For generations, our country has reaped the benefits of a powerful military — a military that has defended our freedom and helped pursue peace and autonomy for other nations abroad. Service members have traveled thousands of miles from home to fight battles that others would not, and they have risked their lives to defend the freedoms we enjoy.

With their service and sacrifice comes a promise of support when they return home. That promise includes access to education, medical care and other benefits to help them succeed.

Sadly, we continue to fall short on that promise.

Reports of efforts to cover up exceptionally long wait times for veterans exposed what we now know to be systemic problems within the Department of Veterans Affairs. This revelation coincided with a series of general town hall meetings I hosted in which several veterans cited inadequate treatment at VA centers, long wait times, and problems accessing benefits.

In light of those concerns, I hosted three veterans’ forums around the district to hear directly from service members.

The discussion at these forums was honest and, at times, emotional. Although some veterans expressed satisfaction with the care they receive at the VA, many voiced frustration with the system. Some veterans said they have been waiting more than a year to receive retroactive benefits, while others waited months to get an appointment with a doctor or to receive affordable housing vouchers. The fact that our veterans struggle to get basic necessities, such as health care and housing, is unacceptable, and it emphasizes the work we have to do to fix this broken system.

According to the 2010 census, there are more than 300,000 veterans in Oregon and more than 20 million in the United States. A recent White House report identifies a shortage of staff as one of the issues contributing to the patient backlog.

To adequately serve such a large population, our VA system needs more doctors, more support staff and more overall resources to meet demand. Both the House and Senate have voted to provide additional resources; those bills are currently in a conference committee that is working on finding a source of funding.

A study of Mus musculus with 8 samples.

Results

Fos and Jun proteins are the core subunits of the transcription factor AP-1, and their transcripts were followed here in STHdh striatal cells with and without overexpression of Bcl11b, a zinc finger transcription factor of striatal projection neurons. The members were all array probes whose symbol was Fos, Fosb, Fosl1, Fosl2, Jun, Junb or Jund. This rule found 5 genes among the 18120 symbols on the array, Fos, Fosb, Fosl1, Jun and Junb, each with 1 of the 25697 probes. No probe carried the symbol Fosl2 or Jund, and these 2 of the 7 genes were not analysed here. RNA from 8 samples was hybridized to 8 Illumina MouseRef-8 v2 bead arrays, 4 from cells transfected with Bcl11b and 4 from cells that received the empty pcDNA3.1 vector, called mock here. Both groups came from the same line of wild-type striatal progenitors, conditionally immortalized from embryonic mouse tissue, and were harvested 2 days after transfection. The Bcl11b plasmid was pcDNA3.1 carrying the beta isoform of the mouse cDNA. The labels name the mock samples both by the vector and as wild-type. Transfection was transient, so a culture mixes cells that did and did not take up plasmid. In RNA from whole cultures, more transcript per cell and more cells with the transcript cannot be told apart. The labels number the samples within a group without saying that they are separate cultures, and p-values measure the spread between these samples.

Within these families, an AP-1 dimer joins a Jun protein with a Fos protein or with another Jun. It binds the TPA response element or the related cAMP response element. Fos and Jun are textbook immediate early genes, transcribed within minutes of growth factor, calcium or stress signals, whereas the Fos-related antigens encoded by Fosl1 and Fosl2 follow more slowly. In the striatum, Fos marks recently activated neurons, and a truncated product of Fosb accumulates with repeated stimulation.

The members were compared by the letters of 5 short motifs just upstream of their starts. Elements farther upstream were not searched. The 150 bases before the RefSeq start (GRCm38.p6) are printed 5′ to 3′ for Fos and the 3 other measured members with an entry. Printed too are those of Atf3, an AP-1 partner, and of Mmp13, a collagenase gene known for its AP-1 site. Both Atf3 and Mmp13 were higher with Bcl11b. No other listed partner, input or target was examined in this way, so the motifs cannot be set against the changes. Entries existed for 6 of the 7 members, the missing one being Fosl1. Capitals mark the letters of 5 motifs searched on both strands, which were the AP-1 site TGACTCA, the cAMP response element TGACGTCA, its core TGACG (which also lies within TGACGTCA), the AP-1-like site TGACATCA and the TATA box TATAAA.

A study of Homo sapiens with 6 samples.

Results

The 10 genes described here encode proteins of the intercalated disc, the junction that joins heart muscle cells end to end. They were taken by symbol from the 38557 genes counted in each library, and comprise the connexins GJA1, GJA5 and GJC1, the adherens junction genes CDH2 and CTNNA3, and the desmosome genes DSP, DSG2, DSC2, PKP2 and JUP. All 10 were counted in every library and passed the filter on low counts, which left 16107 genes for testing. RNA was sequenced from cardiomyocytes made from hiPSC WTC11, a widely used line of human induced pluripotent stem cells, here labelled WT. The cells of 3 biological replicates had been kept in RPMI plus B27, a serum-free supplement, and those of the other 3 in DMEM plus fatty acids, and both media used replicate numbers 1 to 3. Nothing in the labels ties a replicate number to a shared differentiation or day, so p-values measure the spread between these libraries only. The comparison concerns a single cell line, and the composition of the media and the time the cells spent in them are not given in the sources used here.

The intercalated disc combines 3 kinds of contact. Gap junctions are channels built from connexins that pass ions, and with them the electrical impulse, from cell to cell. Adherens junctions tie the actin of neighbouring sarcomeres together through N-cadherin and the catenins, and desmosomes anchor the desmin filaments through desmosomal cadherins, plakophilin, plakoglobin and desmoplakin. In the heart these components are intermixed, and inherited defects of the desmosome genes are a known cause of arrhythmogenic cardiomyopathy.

But it isn’t just the number of veterans in need of care, it’s also the diversity of needs that must be met for four generations of veterans spanning World War II to Iraq and Afghanistan. Each generation has different needs.

Many of our World War II, Korea and Vietnam veterans continue to be affected by injuries from battles long ago, and they also have the health challenges that face us all as we grow older. Younger veterans from Iraq and Afghanistan are often returning after multiple tours of duty, pushed to their breaking point. After years on a battlefield, they need better access to counseling and mental health services.

Further, we can’t expect all of the men and women who have been serving overseas for years to simply walk back into the American work force. Many need job training and job placement. We can provide industry-specific training that aligns with their active-duty work so they don’t have to start from square one when they get home.

There’s no question our veterans have the skills, intelligence and determination to be successful, but war can leave deep scars we cannot ignore. Mental health challenges brought on by traumatic brain injuries and post-traumatic stress disorder often contribute to homelessness among veterans.

The Veterans Affairs Supportive Housing (VASH) program is meant to provide service members with rental assistance so they can maintain reliable housing. We have work to do here. Veterans have told me the vouchers are hard to come by and, even when the vouchers are available, some landlords refuse to accept them. We need to expand access to VASH vouchers and bar property owners from discriminating against veterans who use them.

Ultimately, better management, stricter oversight, and more transparency will help begin to address what have been exposed as problems within the VA system. Expanded mental health care, job training and easier access to affordable housing vouchers are some of the provisions we can offer right now to help our veterans succeed in the country they fought for so bravely.

It is our responsibility to fulfill the longstanding promise to these dedicated men and women.

U.S. Rep. Suzanne Bonamici (D-Ore.) represents Oregon’s 1st Congressional District, which includes a portion of western Multnomah County and all of Washington County.